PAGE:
11:00 am Waiting
We have arrived at the Madrid Barajas airport for our 2:00 departure. However, with the coming of Hurricane Irene, it looks like we will encounter a little turbulence on our way back to the US. The New York airport is already closed and the Boston airport will surely follow. However, British Airways will not reroute us until it is certain that the airport will be closed. We will gather back in our meeting place in half an hour for further details.
Sleeping Bags and the Floor...Sound familiar? It looks like our sleeping bags will be put to use beyond our time at WYD. Most likely, we will fly to London, but will be detained there due to the weather in Boston (our final destination). So, we have been instructed to carry on our sleeping bags, a change of clothes, and toiletries just in case we stay in London. On the bright side, we can say that we have been to London (which makes the 10th country for me) and we have more time to write postcards.
1:30 Peaceful Sitting
Our plane to London should be boarding soon. For some, this could be a stressful situation, but everyone is in good spirits and very much at peace. Why let the time pass worrying? On this Pilgrimage of Peace (the name of our pilgrimage), we have had many opportunities from the beginning, and it looks like through the end, to exercise the virtue of peace.
We're off to London. So far there are no flight cancellations. It seems that I won't be blogging over night about adventures in the London airport.
7:00 Still Flying
From our London flight we were directly escorted to our Boston flight. When they announced our flight number, calling attention to all Boston and Washington Dulles connections, we thought they were going to say that our flights were cancelled because of the hurricane. However, instead, they announced that we were to be the first ones off the plane in order to make our next flight. On the way to our next plane, the British Airways representative told us that we were the only flight to leave from London to the east coast of the United States that day. I guess you could call us lucky or that God is definitely watching over us. It was a tight connection, but since we are a fourth of the plane they would never leave us even if we were late. There's been no mention of delays or weather changes. It looks like we will be landing in Boston before Hurricane Irene lands. I guess we will not need our sleeping bags after all.
We arrived without any emergency water landings, although we did pay extra attention to the safety and evacuation procedures just in case. When we landed it was just about midnight for our biological Spain clocks, so we were all a little out of it when we arrived to customs. I approached the police officer situated comfortably behind his desk in line 10. He took my passport and began the routine questions.
"Mam, where are you from?" he asked in a monotone voice. After being at WYD with thousands of people from all around the world, I was used to saying, "the United States." I hesitated. "Ummm. You mean where I am from or where I came from?"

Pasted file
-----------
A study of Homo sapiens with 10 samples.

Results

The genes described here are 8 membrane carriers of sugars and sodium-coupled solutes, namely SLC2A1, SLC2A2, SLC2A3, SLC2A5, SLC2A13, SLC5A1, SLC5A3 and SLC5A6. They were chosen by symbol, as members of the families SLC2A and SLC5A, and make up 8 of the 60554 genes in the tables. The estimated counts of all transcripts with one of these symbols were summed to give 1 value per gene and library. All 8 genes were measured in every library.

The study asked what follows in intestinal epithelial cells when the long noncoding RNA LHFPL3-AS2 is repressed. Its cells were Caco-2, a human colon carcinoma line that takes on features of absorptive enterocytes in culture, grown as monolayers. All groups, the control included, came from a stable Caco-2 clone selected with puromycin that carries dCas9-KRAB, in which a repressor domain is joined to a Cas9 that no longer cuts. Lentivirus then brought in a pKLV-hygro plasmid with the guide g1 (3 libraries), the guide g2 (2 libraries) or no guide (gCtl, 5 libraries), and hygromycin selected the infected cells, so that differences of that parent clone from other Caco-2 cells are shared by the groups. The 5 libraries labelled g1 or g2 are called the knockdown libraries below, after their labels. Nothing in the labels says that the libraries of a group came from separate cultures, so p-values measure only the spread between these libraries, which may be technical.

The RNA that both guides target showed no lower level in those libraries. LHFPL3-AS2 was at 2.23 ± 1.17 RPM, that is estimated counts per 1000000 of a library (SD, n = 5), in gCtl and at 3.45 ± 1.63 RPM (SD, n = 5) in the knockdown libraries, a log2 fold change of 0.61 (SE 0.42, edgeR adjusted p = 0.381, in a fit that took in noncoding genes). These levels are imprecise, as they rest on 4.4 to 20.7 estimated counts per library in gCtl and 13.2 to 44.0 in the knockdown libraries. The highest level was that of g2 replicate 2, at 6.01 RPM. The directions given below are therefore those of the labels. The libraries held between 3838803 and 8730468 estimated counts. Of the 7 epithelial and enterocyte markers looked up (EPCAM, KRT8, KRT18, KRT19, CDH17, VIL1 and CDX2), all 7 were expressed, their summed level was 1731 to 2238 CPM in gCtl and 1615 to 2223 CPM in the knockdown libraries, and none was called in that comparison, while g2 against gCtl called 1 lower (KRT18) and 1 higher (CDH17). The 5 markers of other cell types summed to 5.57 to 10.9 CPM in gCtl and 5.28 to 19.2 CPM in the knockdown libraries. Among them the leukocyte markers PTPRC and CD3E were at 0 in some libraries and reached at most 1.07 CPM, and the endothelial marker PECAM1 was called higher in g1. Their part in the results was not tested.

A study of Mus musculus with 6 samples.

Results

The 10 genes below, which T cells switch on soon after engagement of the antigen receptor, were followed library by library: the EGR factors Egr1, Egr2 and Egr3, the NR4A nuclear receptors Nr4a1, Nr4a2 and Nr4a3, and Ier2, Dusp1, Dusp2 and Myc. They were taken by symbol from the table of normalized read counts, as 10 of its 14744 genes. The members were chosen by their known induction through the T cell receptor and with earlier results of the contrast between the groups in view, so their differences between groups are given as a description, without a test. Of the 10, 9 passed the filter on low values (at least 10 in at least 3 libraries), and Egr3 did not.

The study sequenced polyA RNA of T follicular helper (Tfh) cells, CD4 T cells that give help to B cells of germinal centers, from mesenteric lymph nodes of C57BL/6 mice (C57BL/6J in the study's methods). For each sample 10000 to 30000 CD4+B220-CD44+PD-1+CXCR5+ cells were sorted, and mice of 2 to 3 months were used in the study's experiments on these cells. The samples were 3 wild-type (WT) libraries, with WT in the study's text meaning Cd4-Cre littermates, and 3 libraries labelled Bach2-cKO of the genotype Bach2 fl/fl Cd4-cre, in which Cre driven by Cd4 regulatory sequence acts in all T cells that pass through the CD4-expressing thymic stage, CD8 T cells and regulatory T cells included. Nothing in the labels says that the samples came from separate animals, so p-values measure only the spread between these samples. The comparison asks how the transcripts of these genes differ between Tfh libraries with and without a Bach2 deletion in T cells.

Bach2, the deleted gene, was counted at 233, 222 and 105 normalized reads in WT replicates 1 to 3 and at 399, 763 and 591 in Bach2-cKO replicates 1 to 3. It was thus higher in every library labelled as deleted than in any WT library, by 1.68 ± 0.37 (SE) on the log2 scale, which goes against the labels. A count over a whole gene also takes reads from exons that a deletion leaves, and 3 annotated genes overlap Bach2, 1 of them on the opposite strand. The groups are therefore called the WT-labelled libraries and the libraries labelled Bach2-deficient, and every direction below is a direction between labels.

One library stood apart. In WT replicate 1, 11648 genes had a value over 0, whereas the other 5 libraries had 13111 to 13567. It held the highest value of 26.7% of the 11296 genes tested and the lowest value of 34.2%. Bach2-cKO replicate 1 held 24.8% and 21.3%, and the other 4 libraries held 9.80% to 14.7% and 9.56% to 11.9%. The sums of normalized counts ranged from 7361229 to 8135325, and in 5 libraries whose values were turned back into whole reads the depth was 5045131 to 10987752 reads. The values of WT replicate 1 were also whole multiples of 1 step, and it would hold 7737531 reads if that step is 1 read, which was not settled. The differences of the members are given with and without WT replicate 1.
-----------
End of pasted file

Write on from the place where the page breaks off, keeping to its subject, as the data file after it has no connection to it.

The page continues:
"You're thinking too hard about this. I just wanna know where you're coming from." I was concerned that he was getting annoyed with me. So, I just gave him the spiel of the places I've been in the past year.
"My family lives in Georgia, but I go to school in Rhode Island and I've been visiting Spain and Portugal for two weeks." That should hit the nail.
"Okay...are you carrying food with you?" I momentarily thought about my FiberOne bars and my packaged crackers, but on a second thought, maybe I should just leave them out of the picture.
"Postcards." I answered in an unintentionally abrupt tone.
"Are you traveling with anyone?" I'm sure he's heard the usual, "with my friends, by myself, or with my family," However, I don't think he was expecting mine.
"Oh, yah. About 45 other people." I said this in an extremely casual manner as I have been used to encountering groups bigger than ours throughout the pilgrimage.
"45?" He blinked a few times. He looked a little tired too. "Oh, are you with your school? School trip?"
"Yep," I said, thinking that the more abrupt I was the sooner I could get through.
"Alright. That's all. You can go."
At least I could understand what he was saying. On the way to Spain, in the Madrid airport, the customs officer asked me in Spanish, "Who are you going to see?"
"I'm not really going to see anyone in particular," I thought to myself.
"Vas a ver el Papa?" he asked. I hadn't made the transition to Spanish yet so I stalled enough to where he understood that I had no clue what he was saying. The other customs officer looked over and smiled as if they had asked the same question many times before. It wasn't until I was almost out of the airport when I realized that he asked me who I was going to see because I had a shirt on (like all of ours) that had the Facebook thumbs up with "Like Pope JMJ" written on it.
I think that the best cure for our deliriousness is a restful night in the horizontal position. Although I did enjoy Spain, it's good to be back in the US, where there is free wifi everywhere, outlets that don't require complex adapters, and people whom you can just go up to and ask a question without mentally translating it first.
Our pilgrimage has come to an end and so has this blog. However, I'll save my farewells for tomorrow when I have more time to think and reflect. I'm not exactly my full thinking capacity at the moment. So goodnight for now.